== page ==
Tuesday, 1 March 2011

Works of mercy

Christ of the Breadlines (1950) by Fritz Eichenberg

Most Monday evenings last semester, the college's Frassati Society (including most of the members of the House community) would take flasks of tea and coffee, sandwiches, cakes, and fruit out to the homeless of the local area. We tried Twickenham, Richmond, Kingston and Hammersmith on various occasions - some of them several times. Most of the time, we never met with much 'success' (which, had we been sure there was noone in the area who would have appreciated our meagre offerings, we'd have of course been delighted by). But as the term went on, more and more people joined in. The first time, fittingly on the Feast of St Vincent de Paul (St Mary's was founded by the Vincentians), two people went out. This steadily grew week on week, peaking once at about fourteen, though there were normally eight or nine, and never the same group each week. After traipsing around our chosen location for thirty or forty minutes, we'd end up in a pub.

This semester, however, we tried a change of tack. Back in January, two members of the House, Dan and Shaun, decided to turn up one afternoon at the Missionaries of Charity's community in Lambeth to find out what we might usefully do with and for Blessed Teresa of Calcutta's Sisters. Since then, a group has gone out each week on a Monday night to help the Sisters with their 'soup run' to Spitalfields and Victoria, taking tea, soup, sandwiches, fruit, hard-boiled eggs, biscuits, clothes and conversation to those who feel in need of them. (And dozens upon dozens, in one of the world's richest cities, sadly do).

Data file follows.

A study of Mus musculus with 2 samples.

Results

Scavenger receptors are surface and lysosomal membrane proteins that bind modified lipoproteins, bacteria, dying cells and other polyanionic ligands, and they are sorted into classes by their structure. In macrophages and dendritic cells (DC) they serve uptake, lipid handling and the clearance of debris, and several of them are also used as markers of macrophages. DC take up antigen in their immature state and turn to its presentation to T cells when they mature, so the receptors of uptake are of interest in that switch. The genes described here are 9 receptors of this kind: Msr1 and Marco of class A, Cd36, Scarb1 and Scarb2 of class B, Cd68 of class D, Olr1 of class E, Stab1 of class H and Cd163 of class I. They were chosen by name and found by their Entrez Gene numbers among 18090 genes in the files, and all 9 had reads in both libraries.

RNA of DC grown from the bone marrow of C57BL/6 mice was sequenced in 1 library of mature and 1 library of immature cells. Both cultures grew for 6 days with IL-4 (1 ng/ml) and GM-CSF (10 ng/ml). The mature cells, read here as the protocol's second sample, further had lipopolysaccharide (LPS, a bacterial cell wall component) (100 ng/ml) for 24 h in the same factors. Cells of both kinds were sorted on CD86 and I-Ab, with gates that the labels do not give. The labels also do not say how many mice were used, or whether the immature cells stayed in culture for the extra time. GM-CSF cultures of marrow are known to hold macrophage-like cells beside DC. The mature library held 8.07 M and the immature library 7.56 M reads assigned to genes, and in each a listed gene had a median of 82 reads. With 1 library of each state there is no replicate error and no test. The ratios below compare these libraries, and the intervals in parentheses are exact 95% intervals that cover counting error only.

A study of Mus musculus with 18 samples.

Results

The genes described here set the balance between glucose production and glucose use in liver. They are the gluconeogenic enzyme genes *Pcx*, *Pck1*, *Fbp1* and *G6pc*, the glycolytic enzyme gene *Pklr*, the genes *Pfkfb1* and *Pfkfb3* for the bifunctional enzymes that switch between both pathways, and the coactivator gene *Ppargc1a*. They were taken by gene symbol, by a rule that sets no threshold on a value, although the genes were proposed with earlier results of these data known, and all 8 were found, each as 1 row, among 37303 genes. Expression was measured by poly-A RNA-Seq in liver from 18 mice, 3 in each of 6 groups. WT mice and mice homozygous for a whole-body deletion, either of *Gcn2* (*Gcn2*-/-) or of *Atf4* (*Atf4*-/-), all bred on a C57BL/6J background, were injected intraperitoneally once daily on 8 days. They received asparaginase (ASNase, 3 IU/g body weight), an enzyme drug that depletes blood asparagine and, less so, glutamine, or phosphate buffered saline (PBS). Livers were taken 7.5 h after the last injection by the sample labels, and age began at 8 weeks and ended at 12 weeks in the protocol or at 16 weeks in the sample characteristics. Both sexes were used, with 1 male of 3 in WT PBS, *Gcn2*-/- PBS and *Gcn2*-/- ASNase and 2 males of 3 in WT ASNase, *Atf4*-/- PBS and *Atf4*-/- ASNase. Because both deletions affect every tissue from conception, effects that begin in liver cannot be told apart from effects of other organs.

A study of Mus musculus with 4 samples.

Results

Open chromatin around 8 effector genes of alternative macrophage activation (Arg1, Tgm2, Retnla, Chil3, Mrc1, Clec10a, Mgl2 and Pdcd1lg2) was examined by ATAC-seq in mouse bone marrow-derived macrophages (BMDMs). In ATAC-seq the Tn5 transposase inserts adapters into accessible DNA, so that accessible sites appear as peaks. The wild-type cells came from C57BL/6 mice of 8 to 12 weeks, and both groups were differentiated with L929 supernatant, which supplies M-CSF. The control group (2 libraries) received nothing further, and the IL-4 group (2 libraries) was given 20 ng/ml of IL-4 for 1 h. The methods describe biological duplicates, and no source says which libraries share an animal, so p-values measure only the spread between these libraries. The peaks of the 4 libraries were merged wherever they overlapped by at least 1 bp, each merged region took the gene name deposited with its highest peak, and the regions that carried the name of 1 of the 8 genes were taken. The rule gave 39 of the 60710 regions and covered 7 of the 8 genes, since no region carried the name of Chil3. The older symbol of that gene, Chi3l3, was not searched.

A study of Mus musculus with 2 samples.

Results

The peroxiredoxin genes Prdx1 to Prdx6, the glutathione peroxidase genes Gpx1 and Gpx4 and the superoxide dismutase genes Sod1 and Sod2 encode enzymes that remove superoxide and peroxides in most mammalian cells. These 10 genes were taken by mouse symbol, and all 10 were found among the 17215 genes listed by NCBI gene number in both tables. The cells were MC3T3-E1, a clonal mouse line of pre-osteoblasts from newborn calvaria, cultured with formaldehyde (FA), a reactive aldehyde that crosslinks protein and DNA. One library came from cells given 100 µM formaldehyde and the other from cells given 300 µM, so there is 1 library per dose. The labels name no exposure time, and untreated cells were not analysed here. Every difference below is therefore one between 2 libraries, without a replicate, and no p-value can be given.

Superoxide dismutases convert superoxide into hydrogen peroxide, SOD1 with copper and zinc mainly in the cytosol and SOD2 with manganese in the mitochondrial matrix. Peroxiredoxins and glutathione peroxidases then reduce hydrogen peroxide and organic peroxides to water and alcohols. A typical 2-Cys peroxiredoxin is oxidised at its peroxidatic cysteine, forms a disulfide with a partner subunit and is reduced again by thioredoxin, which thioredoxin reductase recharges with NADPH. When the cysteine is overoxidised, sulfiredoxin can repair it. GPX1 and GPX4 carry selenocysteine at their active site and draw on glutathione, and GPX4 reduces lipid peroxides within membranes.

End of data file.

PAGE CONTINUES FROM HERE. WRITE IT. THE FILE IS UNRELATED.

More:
All of which is a preamble to noting the sad fact that Westminster council is currently proposing both a) to ban rough sleeping in a large area around Victoria; and b) to outlaw giving out free refreshments there too. This would, of course, criminalize the wonderful work which the MCs - and a large number of other groups - are doing there (and with which we, in our meagre and inadequate way, are privileged to help). It would also, more importantly, further displace the large number of vulnerable people for whom Victoria is something like a 'home'. All in all, it sounds a terrible idea - and one which I'll no doubt be writing more about in due course.

But until then, I'll leave you with today's Evening Standard's article on the controversy. Two members of the community, along with a further friend of the house, were out helping the Sisters last night, when the Standard's journalist came to visit - and one of them, Dennis, was interviewed.

Sometimes, I have to admit, I'm very proud of our students.